At least of long-term profitable revenue
Sales are up, more employees every month, profits are growing, my bank likes me – how can things get any better? This is the business equivalent of being 22 years old, feeling great, being able to eat or drink anything, looking trim, feeling healthy, having a great job and a full social life.
Fast forward and the story changes: being in the right place at the right time does not a future make or more accurately not a great future make.
We all know classmates who were on top of the world at 22, but at the 20 year reunion have physical challenges and are hoping to find that job to get them back on their feet.
The business version of that 22 year old is that company who was making money and growing during a great economy. Lots of companies have the good luck to grow because they are in the right place at the right time with the right product or service.
These companies make a lot of money and are the envy of their peers, loved by their investment advisors and living the good life.
What these people or companies are not doing is building a strong foundation that prospers without the good luck of “right place at the right time.” When everything is going great, it is hard to stop and apply strategy, best practices, and discipline.
Just like looking around at the reunion, the business world gets a daily rush of news about mortgage companies going out of business, banks closing, Pontiac and Saturn Motors have ceased production, 100 year old newspapers no longer publishing, and our favorite restaurant is gone just to name a few.
How is it that those companies, who were in the right place at the right time, can be so fragile that a good competitor or a bad economy can put out their flame?
Research is clear that more great companies come from depression and recession than from the good times (right place, the right time). Those companies that last decades, start with no luck, no money and storm clouds everywhere. What makes the long-term difference?
All that good luck, cash, success and revenue leads CEOs and founders to hold a wrong set of assumptions that they seldom test or validate. The voices of the world yell the good luck is the evidence that this is a great company doing the right things based on the right results. Even one of my two favorite authors Geoffrey Moore talks in “Crossing the Chasm” about how a company that crosses the chasm should abandon quality, traditional best practices and just go get all the market share possible. When Geoffrey published this book in 1991, I just could not accept that assumption as valid, because my other favorite author Eliyahu Goldratt who wrote “The Goal “in 1984 had convinced me that there was a science to the practice of business that will always dominate over the long term.
When “Crossing the Chasm” was written, the high tech world was in the right place at the right time, and the bubble was a long way from bursting. The first burst of the tech bubble was 10 years later, and it was followed by another period of growth based on the luck of right place and right time that will run for the rest of this decade.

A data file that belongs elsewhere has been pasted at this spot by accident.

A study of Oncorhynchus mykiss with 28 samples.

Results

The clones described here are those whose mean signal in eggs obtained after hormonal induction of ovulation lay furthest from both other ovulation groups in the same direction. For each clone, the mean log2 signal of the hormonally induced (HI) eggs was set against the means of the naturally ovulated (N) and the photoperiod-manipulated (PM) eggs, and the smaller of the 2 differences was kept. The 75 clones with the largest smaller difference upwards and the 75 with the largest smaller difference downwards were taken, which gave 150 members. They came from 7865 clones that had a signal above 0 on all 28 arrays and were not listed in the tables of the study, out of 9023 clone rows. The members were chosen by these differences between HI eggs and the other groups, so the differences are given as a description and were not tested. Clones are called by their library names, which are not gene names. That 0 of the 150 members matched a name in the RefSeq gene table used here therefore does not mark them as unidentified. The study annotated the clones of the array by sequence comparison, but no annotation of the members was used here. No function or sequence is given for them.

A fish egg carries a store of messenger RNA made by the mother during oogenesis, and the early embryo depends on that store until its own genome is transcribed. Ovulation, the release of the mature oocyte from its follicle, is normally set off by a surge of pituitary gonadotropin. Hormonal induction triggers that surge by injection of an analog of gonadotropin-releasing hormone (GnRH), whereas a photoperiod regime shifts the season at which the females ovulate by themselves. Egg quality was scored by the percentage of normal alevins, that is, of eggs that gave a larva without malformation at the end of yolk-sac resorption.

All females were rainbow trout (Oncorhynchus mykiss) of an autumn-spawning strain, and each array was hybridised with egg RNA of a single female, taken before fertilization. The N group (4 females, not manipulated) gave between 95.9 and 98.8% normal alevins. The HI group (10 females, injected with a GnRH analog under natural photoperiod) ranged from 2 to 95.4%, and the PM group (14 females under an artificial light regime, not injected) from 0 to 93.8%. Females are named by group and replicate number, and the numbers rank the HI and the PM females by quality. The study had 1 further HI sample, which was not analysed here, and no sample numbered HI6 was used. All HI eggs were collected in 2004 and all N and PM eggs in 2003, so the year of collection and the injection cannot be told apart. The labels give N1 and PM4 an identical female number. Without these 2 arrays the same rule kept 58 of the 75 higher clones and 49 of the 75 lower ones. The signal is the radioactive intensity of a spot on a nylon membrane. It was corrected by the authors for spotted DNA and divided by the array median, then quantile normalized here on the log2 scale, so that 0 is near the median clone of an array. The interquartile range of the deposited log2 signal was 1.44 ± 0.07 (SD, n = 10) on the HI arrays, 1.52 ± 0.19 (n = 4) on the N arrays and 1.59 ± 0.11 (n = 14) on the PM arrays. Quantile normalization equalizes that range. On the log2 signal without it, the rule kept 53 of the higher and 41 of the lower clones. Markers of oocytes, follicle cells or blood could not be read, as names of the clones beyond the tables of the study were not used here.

To transition a right place, right time company to a long-term winner, the company should manage costs and apply these 3 “Revenue Generation” best practices:
First – Hold the company and every offer the company makes to the market to the standard of having a “Revenue Generation” strategy based on these 5 questions.
1. What is our brand promise?
2. What’s the customer “problem” that we solve for the customer NO ONE else Solves?
3. What niche/s do or will we dominate?
4. Who is our ideal customer?
5. Which Offers result in domination?
If you can’t answer the questions and / or the answers don’t prove to be compelling in the market, there is risk on the horizon. So create a compelling strategy or sell that part of the business while the luck is with you.
Second – Build a visual portfolio of the offers you have based on the BellCurve from the diffusion of innovation. If your offers have all moved to the right side of the curve, you can plot your end. If the offers can’t be placed on the curve, the business is without any revenue strategy and deep in chaos and at high risk to any competitor or slowdown.
Third – Develop an assumption testing culture where every person, in every planning session, no matter what their role or position must ask the question of team members if what they are talking about is based in fact or assumption. If it is based on assumption, the next question is “if the assumption is wrong, what is the level of risk?” If the answer is high, the assumption must be validated now, and if the risk level is low, the planning can proceed while the assumption is validated.
Good luck plays to the ego and false assumptions. Go beyond this enemy and apply the science of “Revenue Generation” and bring compelling value to the market for the long term.